U.P. 200 study shows economic impact of $1.9 million

North Central UP

MARQUETTE, Mich., (WJMN) – The U.P. 200 brings thousands of people to the Upper Peninsula each year, they spend money in restaurants, hotels, shops and more.

Darlene Walch, president of the UPSDA, says the NMU Chapter of the American Marketing Association, Travel Marquette, the Lake Superior Community Partnership, and the Upper Peninsula Sled Dog Association partnered to create a survey to assess the economic impact.

“The takeaway from that is, based on the data, we did a conservative estimate saying 2,500 patrons coming from out of the area, we know that that is conservative there are usually about 5,000 people downtown on Friday night,” said Walch. “But we wanted to air on the side of low rather than higher and the results of the economic impact statement for the 2020 races is $1,985,680.”

Walch says the study was consistent with a similar survey done in 2014 which estimated the economic impact at $2 million. They collected surveys in Grand Marais also, but the focus was on Marquette County.

“Based on the data we had there we could extrapolate because we knew how many responses came in from Alger County and so we theoretically could add 5 to 10 percent of that economic impact onto it to account for Alger County but the report that was produced focused on Marquette County,” said Walch.

Visitors to the area spend money at many area businesses and on UP 200 merchandise. Walch says that looking at the data, she thinks hotels accounted for the most money spent by visitors.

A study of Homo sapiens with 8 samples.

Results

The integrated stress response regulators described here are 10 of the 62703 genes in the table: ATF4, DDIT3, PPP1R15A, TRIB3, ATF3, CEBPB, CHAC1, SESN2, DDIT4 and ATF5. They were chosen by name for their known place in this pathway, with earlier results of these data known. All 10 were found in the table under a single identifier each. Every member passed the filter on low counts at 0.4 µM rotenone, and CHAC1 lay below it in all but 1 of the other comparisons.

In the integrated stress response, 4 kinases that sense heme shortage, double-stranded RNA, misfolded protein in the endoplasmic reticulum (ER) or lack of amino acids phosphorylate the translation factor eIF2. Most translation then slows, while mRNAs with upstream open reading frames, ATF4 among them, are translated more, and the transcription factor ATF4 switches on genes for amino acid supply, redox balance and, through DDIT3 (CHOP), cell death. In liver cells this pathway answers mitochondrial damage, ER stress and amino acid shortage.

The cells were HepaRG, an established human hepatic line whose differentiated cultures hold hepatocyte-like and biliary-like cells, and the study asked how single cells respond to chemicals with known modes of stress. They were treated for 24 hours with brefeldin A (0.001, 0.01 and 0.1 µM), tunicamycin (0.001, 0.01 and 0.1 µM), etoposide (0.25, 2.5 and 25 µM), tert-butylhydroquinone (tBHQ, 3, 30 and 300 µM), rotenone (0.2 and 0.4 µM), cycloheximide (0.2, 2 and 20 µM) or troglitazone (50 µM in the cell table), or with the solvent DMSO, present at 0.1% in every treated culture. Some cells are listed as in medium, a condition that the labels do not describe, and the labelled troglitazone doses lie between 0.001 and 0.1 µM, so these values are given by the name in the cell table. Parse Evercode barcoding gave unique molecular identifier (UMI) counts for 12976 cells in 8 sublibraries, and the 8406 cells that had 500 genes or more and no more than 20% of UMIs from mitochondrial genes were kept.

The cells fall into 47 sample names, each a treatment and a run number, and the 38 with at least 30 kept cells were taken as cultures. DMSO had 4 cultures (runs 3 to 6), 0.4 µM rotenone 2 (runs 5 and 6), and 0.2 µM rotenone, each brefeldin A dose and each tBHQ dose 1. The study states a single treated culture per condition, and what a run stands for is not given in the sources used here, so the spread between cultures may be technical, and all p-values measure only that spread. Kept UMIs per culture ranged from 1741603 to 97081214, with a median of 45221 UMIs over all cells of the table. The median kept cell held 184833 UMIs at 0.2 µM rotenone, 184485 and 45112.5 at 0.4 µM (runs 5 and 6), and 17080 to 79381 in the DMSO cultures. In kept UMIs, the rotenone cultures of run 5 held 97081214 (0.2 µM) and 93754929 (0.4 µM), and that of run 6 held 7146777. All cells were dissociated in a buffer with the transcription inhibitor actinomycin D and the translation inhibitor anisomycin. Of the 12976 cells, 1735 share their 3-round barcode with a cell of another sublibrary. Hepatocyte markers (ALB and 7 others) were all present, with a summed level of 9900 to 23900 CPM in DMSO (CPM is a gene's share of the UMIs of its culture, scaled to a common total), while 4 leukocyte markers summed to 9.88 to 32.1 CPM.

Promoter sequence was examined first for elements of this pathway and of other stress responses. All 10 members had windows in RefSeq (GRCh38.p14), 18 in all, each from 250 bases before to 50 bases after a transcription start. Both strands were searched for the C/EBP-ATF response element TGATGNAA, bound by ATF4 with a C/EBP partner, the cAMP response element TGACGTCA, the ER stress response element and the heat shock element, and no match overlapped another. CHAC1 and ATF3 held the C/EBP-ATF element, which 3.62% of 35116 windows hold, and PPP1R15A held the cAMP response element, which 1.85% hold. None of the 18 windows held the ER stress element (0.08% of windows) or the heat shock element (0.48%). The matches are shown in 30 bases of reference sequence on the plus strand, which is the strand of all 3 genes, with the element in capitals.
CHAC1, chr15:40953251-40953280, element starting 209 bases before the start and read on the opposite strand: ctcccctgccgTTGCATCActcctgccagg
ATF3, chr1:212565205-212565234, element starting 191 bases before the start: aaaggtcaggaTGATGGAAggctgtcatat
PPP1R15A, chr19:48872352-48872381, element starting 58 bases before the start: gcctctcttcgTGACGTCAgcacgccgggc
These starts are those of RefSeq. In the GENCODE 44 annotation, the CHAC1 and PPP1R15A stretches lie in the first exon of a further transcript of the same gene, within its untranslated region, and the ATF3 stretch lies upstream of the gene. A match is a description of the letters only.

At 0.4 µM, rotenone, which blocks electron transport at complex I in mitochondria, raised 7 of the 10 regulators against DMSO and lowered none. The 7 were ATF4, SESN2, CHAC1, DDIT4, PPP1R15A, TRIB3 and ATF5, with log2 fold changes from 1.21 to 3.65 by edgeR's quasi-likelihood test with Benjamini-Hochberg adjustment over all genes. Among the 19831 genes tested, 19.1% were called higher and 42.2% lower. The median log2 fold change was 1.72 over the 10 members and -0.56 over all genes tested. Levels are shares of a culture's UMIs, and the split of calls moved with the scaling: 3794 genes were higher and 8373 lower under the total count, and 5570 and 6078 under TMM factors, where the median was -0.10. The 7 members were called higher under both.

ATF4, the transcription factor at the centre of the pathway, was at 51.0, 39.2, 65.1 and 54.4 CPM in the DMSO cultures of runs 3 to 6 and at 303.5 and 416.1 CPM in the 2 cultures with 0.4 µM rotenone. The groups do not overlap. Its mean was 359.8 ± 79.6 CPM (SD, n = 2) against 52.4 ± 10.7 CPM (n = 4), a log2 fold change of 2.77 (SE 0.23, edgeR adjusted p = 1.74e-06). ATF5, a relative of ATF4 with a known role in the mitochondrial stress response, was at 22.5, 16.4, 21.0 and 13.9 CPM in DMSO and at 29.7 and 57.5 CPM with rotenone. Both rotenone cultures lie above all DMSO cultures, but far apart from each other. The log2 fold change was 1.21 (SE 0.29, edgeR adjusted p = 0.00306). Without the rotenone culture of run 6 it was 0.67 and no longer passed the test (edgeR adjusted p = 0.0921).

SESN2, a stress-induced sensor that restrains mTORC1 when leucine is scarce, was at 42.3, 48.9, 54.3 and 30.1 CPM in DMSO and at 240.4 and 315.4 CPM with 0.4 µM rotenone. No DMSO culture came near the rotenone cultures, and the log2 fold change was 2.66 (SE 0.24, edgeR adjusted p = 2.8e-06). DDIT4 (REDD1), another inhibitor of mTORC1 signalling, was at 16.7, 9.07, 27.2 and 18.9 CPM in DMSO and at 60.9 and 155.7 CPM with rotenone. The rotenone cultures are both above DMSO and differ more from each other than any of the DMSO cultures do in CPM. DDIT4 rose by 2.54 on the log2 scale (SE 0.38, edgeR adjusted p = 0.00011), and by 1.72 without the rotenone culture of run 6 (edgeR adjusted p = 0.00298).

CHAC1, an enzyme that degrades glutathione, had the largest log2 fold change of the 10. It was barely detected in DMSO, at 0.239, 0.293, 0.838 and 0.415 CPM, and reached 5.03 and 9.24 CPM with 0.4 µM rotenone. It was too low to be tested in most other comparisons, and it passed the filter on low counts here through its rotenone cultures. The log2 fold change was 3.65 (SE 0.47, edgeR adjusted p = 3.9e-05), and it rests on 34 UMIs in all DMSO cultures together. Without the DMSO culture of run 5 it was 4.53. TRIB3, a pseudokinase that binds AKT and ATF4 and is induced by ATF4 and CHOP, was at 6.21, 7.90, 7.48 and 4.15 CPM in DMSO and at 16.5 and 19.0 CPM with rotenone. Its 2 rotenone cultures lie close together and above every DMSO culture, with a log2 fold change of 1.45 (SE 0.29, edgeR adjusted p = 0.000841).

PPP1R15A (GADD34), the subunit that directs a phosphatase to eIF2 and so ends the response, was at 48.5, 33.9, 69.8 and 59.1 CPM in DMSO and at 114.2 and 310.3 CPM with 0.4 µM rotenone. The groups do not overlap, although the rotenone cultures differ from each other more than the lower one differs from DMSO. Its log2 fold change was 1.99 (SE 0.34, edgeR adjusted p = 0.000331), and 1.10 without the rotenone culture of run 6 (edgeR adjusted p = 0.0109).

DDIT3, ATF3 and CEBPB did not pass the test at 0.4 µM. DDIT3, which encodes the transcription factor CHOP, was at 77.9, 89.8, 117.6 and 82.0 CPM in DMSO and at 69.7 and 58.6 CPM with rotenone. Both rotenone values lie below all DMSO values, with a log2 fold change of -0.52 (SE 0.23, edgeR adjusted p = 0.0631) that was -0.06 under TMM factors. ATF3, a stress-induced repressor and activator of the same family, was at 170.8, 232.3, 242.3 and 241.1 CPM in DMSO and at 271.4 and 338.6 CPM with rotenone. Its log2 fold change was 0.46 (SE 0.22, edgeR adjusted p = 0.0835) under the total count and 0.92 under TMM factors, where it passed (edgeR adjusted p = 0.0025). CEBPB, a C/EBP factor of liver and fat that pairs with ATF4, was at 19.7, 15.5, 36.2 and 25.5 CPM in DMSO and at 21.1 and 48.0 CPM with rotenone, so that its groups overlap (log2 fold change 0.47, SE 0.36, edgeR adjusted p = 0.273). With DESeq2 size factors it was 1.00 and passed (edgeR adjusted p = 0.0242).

“It’s everything from restaurants, hotels, gas stations, people come in and they stay for several days and come here from out of the area which is another factor because they travel across the U.P. to get here,” said Walch.

The Upper Peninsula Sled Dog Association is driven by fundraising. According to Walch, the report helps show why the U.P. 200 is important beyond the community aspect and excitement of the event.

“One of the things that we think is important is the significance of a February event like that in the middle of winter that’s having that level of economic impact,” said Walch. “The other thing is many times people are coming into Marquette for the first time, they enjoy it, they see it in the winter and then they decide to come back either the following year or they come back at different times of year in order to explore the area.”

Planning for the 2021 U.P. 200 is already starting. Walch says there are many moving parts to the event and that they are gathering information from different people currently.

“Things are changing all the time so we’re trying to figure out how all the changes and how all the aspects of this pandemic fit into what we would be needing to do,” said Walch.